The Clergyman's Daughter/The Red House is a short story written by Agatha Christie which was first published as "The First Wish" in The Grand Magazine in December 1923. This story was subsequently compiled as part of the collection Partners in Crime which came out in both the U.K. and the U.S. in 1929. This story is one of two not first published in a story arc in The Sketch to be woven into the collection. It was actually the very first Tommy and Tuppence short story to be written and predates the Sketch series by some nine months.
In U.K. editions, this story spans chapter 14 and 15 (the 12th story). The first chapter is given the title "The Clergyman's Daughter" while the second is "The Red House". In U.S. editions, this story spans chapter 20 and 21 with the same chapter titles.
A clergyman's daughter approaches the Beresfords for help. She and her invalid mother had very little money and had been taking paying guests at their house. But lately some "poltergeists" have been frightening their guests away.
(may contain spoilers - click on expand to read)
It is just before Christmas when a young lady called Monica Deane calls at the Blunt's agency. She and her impoverished, invalid, widowed mother inherited a house from a well-off sister of her father's some time back. They also expected to inherit some money to go with the house but to their surprise there was little forthcoming. They didn't want to sell the house as it provided plenty of room for them compared to their small flat and they had plans to open it to paying guests to supplement their income. All went well for a time until they started to have strange occurrences with pictures falling off walls and crockery being smashed when no one was in the room – a poltergeist, which scared all their guests and their income away. A Dr. O'Neill from a Society for Physical Research has visited them and has offered to buy the house from them to continue his investigations. Monica however is certain that he is also younger man in disguise who previously made them an offer for the house. The only other resident in the house now is Crockett, an elderly maid of Monica's aunt who has a younger nephew of whom she is very proud.
Tommy and Tuppence travel to the "Red House" and begin their investigations, harbouring suspicions that the old lady has hidden money in the building which would account for the remainder of her fortune being missing. Tommy makes a visit to the local bank and manages to the find out from the manager that the aunt did indeed withdraw all of her money some time before she died. Under the guise of potential buyers, they explore the house and Monica gives them various papers of her aunt's. Before they can investigate these further, they hear a crash and find a jug and basin broken in a room overhead. They quickly interview Crockett and notice that she is out of breath. Mentioning to her that they intend to buy the house, Monica receives a message soon afterwards from "Dr. O'Neill" that his own offer has increased – it is obvious that the old maid is the one creating "disturbances" and that the "Doctor" is her nephew trying to get the house in order that he can investigate himself the location of the missing fortune.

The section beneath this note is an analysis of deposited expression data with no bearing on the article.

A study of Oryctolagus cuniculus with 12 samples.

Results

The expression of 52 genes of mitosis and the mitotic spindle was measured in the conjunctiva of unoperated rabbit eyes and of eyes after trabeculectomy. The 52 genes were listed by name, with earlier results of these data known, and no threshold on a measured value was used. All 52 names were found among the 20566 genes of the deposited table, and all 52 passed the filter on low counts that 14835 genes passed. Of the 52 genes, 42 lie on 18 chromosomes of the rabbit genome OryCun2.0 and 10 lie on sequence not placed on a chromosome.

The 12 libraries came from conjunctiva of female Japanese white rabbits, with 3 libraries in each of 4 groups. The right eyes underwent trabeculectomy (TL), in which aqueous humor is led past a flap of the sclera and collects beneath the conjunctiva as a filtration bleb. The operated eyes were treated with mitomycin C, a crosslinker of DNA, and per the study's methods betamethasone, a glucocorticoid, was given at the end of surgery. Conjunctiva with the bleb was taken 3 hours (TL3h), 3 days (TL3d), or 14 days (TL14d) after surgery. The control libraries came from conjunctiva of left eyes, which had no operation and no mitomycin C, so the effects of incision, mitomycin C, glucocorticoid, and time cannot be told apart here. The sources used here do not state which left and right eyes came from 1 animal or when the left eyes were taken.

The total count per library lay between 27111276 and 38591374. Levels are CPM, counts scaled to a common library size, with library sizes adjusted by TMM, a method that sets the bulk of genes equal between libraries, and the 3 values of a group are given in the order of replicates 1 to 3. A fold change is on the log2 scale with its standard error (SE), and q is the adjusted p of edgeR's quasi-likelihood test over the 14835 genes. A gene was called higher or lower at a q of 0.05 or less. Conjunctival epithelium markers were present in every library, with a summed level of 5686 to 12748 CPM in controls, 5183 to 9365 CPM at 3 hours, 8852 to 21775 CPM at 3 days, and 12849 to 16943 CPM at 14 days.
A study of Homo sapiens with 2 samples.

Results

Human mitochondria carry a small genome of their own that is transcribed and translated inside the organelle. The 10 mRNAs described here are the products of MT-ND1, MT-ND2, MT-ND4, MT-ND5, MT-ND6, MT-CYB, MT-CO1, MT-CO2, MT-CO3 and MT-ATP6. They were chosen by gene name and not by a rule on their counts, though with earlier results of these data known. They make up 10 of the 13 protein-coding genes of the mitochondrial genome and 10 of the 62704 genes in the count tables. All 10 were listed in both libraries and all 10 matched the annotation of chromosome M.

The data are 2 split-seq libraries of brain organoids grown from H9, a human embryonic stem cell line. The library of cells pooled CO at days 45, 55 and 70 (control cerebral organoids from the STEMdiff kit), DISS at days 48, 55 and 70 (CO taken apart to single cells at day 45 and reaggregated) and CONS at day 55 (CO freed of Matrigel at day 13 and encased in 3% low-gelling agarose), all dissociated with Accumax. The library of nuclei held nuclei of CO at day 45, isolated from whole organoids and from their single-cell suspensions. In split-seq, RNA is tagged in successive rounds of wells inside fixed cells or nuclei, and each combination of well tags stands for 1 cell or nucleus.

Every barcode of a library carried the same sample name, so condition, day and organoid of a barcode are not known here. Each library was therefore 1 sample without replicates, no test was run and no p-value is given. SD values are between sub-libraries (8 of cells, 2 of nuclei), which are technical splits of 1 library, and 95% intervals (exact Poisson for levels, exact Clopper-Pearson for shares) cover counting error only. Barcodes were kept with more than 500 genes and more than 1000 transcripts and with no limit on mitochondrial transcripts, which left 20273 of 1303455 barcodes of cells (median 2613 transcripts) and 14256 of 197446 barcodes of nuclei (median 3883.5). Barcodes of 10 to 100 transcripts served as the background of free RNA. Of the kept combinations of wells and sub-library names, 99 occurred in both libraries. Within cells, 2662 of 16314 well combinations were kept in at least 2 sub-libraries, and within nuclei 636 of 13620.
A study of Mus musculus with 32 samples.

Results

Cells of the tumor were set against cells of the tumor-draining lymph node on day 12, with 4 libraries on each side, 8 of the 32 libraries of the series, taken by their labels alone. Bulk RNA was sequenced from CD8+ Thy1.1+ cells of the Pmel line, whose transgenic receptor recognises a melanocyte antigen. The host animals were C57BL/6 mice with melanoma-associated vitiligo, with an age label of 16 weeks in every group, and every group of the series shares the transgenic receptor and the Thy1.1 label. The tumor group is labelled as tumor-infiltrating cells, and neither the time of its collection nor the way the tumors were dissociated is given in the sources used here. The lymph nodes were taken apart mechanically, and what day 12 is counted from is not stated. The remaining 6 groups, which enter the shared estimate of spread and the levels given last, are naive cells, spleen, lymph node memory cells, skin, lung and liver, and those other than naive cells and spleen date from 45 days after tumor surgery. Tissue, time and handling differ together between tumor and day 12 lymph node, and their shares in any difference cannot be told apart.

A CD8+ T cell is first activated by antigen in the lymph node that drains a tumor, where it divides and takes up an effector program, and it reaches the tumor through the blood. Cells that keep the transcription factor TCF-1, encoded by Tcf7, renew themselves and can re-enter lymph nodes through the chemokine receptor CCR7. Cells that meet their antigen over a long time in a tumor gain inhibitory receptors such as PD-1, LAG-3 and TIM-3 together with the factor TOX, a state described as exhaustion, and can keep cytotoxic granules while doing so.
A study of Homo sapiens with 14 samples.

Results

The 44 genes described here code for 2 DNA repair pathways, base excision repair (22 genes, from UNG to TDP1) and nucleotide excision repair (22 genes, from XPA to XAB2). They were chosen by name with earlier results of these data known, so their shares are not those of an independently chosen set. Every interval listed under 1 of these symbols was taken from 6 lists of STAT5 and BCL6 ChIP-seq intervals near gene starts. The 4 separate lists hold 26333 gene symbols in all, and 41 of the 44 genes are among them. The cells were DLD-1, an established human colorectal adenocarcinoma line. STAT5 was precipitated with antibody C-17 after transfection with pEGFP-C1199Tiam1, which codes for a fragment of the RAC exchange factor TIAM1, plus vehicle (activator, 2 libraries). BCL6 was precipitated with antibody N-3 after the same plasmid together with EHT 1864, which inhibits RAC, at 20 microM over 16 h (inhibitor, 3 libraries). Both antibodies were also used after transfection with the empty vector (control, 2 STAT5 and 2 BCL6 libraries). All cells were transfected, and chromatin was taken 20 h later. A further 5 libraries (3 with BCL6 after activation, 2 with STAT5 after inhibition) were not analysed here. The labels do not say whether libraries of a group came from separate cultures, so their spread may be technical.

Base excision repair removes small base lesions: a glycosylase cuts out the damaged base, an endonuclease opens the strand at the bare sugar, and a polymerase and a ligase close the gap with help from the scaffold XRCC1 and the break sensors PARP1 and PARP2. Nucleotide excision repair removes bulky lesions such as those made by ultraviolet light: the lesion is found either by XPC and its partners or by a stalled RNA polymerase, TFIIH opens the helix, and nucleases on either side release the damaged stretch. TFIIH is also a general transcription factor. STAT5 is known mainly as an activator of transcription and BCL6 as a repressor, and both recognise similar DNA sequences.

Tommy and Tuppence look over the papers and realise that one of them contains a puzzle anagram. They work it out and the solution is "potatoes". Another of the papers, on the theme of recipes, refers to the trick of burying new potatoes in a tin to keep them fresh for the winter and they realise that this is their lead. They question the gardener to see if the old lady ever used this technique and find out that she did. They dig in the spot and find several tins of potatoes and, in one of the tins, a bag containing two hundred pounds in gold sovereigns, twenty thousand pounds in banknotes and a string of expensive pearls. Monica Deane and her mother will have their fortune and she and the Beresfords will be each able to celebrate a happy Christmas.
Parody of a fictional detective
A two part story, this is a parody on detective Roger Sherringham by Anthony Berkeley, with plot elements reminding of The Violet Farm by H. C. Bailey (although the latter was not published until 1928).
- 1923: The Grand Magazine, issue 226, George Newnes (London), December 1923.
- 1929: Partners in Crime, Dodd Mead and Company (New York), 1929, Hardcover, 277 pp
- 1929: Partners in Crime, William Collins and Sons (London), September 16, 1929, Hardcover, 256 pp
- 1943: Triple Threat, Dodd Mead and Company (New York), 1943, omnibus with Poirot Investigates and Partners in Crime), Hardcover
- 1960: Ellery Queen's Mystery Magazine, vol. 35 no. 1, whole no. 194, Jan 1960. 
- 1960: Ellery Queen's Mystery Magazine (Australia), no. 153, Mar 1960.
- 1960: Ellery Queen's Mystery Magazine (UK), no. 86, Mar 1960.